Cowen disappointed by rejection of Labour Court recommendation on nurses pay
The Minister for Health and Children, Mr Brian Cowen T.D., today (Wednesday, 22nd September, 1999) issued the following statement:
“I am deeply disappointed that the members of the four nursing unions have rejected the Labour Court recommendation on nurses’ pay. This followed on a call for rejection by three of the four nursing union executives.
The Labour Court’s determination was a fair one and deserved more careful consideration. It represented the culmination of a lengthy negotiating process on nurses’ pay and conditions that has taken four years to complete. The Court itself acknowledged that, over the past two years, nurses have justifiably improved their position not just financially but in terms of gaining recognition for the enhanced role of the profession.
The ongoing cost of the salary increases, enhanced annual leave and allowances rejected by nurses is in the region of £pound;60 million. This, on top of the 1997 Nurses’ Pay settlement which cost £pound;85m and other improvements in incremental credit and overtime already conceded, would result in an increased pay bill of over £pound;150m annually. The total additional cost in 1999 would be over £pound;100m because of the non-recurring cost of lump sums of £pound;1,250 for each nurse and retrospection on allowances.
The Labour Court recommendation of 31 August 1999 includes among other elements: (i) increases of 10% for Ward Sister and other higher grades, (b) significant improvements in annual leave; an extra three days for Staff Nurses and an extra four days for promotional grades, in both cases after ten years’ service; (c) a lump sum of £1,250 for all nurses, contingent upon acceptance of the recommendation.
When the latest Labour Court recommendation is implemented, the maximum salary of Ward Sisters will have increased from £20,023 before the 1997 settlement to £27,522 – an increase of over 37% inclusive of general and special increases. The maximum pay of Staff Nurses has increased over the same period from £17,747 to £22,339 – an increase of almost 26%. Many Staff Nurses and a significant number of Ward Sisters also stand to benefit from increases in location/specialist qualification allowances from £333 to £1,000/£1,500 recommended by the Court in February 1999.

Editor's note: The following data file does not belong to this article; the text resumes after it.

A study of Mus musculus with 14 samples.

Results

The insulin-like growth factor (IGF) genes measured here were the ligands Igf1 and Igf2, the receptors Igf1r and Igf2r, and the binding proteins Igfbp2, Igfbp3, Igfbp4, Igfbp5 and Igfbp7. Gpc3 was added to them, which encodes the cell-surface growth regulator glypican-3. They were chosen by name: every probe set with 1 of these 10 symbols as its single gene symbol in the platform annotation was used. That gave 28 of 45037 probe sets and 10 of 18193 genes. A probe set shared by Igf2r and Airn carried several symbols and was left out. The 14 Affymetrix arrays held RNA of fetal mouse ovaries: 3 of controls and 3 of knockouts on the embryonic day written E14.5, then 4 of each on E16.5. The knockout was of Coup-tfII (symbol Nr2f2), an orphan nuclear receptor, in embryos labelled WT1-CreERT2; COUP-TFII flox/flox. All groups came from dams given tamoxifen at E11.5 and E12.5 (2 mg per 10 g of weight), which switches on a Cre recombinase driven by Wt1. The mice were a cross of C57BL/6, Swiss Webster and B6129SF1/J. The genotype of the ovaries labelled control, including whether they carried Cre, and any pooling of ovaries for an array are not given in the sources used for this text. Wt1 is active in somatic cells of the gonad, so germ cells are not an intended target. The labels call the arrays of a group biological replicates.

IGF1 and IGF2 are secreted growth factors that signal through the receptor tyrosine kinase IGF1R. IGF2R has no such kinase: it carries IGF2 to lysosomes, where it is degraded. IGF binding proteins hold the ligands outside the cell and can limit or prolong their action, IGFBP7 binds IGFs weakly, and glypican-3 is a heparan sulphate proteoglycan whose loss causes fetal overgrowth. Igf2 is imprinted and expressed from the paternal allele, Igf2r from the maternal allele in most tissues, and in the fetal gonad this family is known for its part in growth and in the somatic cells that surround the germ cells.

The Government is committed to paying the full terms of the Labour Court Recommendation and as far as the Government is concerned that offer remains on the table. However, there is no possibility of improving upon the terms of the Labour Court recommendation.
I would ask all nurses to think carefully before voting for strike action. Not only is such action in direct breach of the Industrial Peace clause of Partnership 2000, it also endangers the entire national partnership approach, which has served the country so well.
I would ask nurses once again to look at the entire package of measures that have been introduced to improve the position of nurses and develop the profession. The level of investment in nursing is significant and ongoing. Apart altogether from the improvements in pay and conditions, substantial resources, totalling more than £40m, have been made available for the education of student nurses in third level institutes, for management development programmes for nurses and for continuing nursing education.
The Government, for its part, remains fully committed to implementing the recommendations of the Commission on Nursing, which are designed to tackle the underlying problems within the profession and develop nursing and midwifery as a key profession within the health services.”